Lance Armstrong Has a Brand New Scandal to Talk About With Oprah


On Tuesday, Oprah Winfrey announced she'd landed a "no holds barred" interview with Lance Armstrong that would air on Jan. 17 on Oprah's Next Chapter, his first interview since he was stripped of his cycling titles. The speculation instantly turned to whether this would be the forum in which Armstrong would finally confess to doping, an admission he's reportedly been considering after ten years of denials, in exchange for having his lifetime cycling ban lifted. But Armstrong's got a new scandal to talk about at the interview, too.

Earlier on Tuesday, the new 60 Minutes Sports (which airs on Showtime Wednesday) teased an interview in its premiere episode with Travis Tygart, the head of the U.S. Anti-Doping Agency, who claimed Armstrong had donated $100,000 to the International Cycling Union and offered to donate "in excess of $150,000" to the USADA in 2004. Tygart called the offer "a clear conflict of interest for USADA," whose investigation into Armstrong's alleged doping eventually led the one-time Tour de France champion to be stripped of his seven titles. Armstrong never admitted to doping but said he would stop fighting the allegations against him.

At this point, though, that new allegation is small potatoes compared to the idea that Armstrong could finally admit to doping. If he's going to do it on Oprah's show, she's going to need to have some "no-holds barred" questions ready to make good on her promise. The New York Times points out that Oprah has been soft on disgraced athletes before, letting former track and field Olympian Marion Jones "claim during a 2008 interview that she had used performance-enhancing drugs unintentionally."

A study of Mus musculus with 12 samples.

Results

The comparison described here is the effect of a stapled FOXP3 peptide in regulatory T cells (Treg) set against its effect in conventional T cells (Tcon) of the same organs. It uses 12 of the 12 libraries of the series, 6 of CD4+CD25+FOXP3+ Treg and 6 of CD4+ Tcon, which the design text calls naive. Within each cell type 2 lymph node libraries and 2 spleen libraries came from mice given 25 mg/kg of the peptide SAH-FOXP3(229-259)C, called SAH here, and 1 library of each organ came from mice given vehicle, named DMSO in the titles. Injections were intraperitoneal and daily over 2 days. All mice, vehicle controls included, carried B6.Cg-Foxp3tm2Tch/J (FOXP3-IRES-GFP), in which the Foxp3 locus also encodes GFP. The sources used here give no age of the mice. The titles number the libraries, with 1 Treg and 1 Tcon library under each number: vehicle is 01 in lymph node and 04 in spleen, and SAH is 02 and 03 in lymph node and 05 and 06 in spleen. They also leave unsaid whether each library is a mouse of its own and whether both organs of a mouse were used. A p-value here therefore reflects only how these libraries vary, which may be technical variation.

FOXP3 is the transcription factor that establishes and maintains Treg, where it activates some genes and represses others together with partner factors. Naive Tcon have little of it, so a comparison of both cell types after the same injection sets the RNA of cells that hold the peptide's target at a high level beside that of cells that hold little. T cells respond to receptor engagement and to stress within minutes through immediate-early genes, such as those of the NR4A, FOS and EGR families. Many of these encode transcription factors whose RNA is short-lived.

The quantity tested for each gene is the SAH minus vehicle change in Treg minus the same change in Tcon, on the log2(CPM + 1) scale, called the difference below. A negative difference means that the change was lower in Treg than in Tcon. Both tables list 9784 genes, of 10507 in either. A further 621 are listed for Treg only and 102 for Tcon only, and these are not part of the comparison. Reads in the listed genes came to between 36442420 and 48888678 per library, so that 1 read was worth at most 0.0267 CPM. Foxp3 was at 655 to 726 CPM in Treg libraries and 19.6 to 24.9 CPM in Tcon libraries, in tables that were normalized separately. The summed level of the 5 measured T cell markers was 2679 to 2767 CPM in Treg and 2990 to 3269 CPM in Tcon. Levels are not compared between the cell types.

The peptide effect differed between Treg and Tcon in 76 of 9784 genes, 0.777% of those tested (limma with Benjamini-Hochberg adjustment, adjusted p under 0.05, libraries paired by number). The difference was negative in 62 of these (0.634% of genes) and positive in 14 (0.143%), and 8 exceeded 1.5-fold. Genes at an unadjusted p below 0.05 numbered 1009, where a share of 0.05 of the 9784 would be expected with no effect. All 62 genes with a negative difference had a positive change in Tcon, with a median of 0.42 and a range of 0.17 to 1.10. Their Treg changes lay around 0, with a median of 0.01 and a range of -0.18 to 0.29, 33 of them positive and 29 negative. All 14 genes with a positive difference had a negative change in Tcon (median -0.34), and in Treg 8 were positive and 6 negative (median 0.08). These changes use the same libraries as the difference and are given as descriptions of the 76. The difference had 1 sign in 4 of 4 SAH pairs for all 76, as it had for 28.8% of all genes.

Now, The Times notes, the cycling journalism world is champing at the bit to offer Winfrey advice on how to handle Armstrong, with journalists tweeting suggested questions and offers of education for the talk show host. But while Winfrey obviously should do her research like any interviewer, it seems a fair bet that after ten years denying his doping in the face of increasing evidence by arbiters of his sport, Armstrong already knows what he's going to say to her. Here's hoping she can get him to say as much of it as possible.